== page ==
I had unexpected help in finding a medium-sized falcon called a Merlin while I was out looking for Lapland Longspurs last week. More experienced birders will suggest you always pay attention when you hear Chickadees and Crows calling up a storm. I’m glad I did because it helped me to find a Merlin near Dundas, Ontario.
American Crow Versus Merlin: An Unexpected Aerial Fight
Crows don’t particularly like large predatory birds such as hawks and owls. You’ll often read of crows “mobbing” a Great Horned Owl until it’s forced to leave a tree and find elsewhere to roost so it can get some peaceful rest before nightfall.
So when I heard a crow calling aggressively and saw it swooping repeatedly towards the bare branch of a dead tree top, I stopped my car and looked up, way up.
Sure enough, the Crow was bombing at another much smaller bird. I grabbed my camera, parked the car perilously close to the ditch with the hazard lights flashing and started walking briskly up the steep muddy hill on the country road.
At first, I thought the Crow was after a small hawk. Then the raptor burst up into the air after the crow. The narrow pointed wings and the type of wing beats suggested this was a falcon not a hawk.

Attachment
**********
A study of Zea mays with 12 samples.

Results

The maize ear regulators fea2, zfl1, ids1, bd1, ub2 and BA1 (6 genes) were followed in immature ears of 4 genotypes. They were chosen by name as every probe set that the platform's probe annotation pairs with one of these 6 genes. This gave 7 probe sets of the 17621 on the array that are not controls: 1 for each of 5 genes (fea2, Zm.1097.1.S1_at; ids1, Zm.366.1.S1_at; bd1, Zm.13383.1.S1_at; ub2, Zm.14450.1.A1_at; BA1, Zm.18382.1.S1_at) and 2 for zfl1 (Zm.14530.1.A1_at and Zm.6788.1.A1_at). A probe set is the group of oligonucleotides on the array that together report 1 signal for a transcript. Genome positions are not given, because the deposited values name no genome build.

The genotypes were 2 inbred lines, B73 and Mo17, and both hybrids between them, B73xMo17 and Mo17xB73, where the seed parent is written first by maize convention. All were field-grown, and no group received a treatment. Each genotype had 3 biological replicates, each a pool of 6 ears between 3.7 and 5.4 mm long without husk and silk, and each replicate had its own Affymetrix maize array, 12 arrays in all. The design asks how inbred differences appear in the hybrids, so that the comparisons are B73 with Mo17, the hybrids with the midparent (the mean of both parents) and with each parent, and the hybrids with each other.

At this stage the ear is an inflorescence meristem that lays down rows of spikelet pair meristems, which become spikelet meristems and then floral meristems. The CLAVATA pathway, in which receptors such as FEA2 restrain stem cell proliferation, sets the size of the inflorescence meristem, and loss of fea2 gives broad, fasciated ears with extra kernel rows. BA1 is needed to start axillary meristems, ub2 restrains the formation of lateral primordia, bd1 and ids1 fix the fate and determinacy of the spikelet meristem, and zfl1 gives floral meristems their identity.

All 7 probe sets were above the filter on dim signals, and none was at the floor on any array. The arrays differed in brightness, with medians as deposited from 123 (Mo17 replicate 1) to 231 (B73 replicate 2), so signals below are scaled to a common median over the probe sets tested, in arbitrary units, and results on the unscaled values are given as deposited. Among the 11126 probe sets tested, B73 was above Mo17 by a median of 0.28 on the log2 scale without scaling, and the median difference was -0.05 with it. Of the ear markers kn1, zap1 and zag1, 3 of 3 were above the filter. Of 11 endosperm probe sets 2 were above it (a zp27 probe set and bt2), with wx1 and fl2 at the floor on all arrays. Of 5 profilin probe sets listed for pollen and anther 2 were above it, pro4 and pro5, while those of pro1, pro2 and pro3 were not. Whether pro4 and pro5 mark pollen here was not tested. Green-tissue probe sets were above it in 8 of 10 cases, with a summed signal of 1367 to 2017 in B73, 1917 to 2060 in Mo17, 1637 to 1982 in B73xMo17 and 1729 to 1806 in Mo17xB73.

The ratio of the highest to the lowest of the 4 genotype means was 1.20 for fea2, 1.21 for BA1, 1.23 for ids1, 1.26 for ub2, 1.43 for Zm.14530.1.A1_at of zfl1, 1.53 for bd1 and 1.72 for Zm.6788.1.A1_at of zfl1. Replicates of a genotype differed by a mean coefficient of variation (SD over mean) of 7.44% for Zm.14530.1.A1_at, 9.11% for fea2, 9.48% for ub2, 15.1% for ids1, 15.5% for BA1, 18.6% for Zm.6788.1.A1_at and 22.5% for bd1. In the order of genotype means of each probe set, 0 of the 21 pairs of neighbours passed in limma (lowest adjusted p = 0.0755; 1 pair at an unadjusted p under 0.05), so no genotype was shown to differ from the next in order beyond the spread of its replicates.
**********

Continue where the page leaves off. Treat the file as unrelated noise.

Despite the poor lighting, the distance and the height of the birds, I kept trying to get photos. Later, at home, I would be able to confirm that the raptor was not an American Kestrel, which is robin-sized, nor a Peregrine, which is crow-sized, but the medium-sized Merlin.
Battle for Tree Top Supremacy
The two birds fought repeatedly over the next 10 minutes. The crow would perch, calling, and then working itself into a fury, try flying straight at the Merlin. It would come in from the sides, above, even from below.
Eventually, the Merlin would lift in the air and chase the Crow back. There is some noticeable blood on the talons of the Merlin but from what or who I can’t tell.
The Merlin would then perch again trying to ignore the bigger black bird. The Crow, infuriated, would begin its bullying tactics again.
Eventually after at least 5 rebuffed attacks, the Crow gave up and settled down in another tree nearby.
Whether it had permanently ceased its aggression or whether it began again soon thereafter I’m not sure. I had to rescue my car and get back home. But I was well pleased I had taken the time to find out why the Crow was so noisy and what it was after.
Have you found any interesting birds or animals by watching the aggressive behavior of other birds? Have chickadees led you to a Screech Owl, or Crows to a Red Tailed Hawk? Please share your sighting with a comment.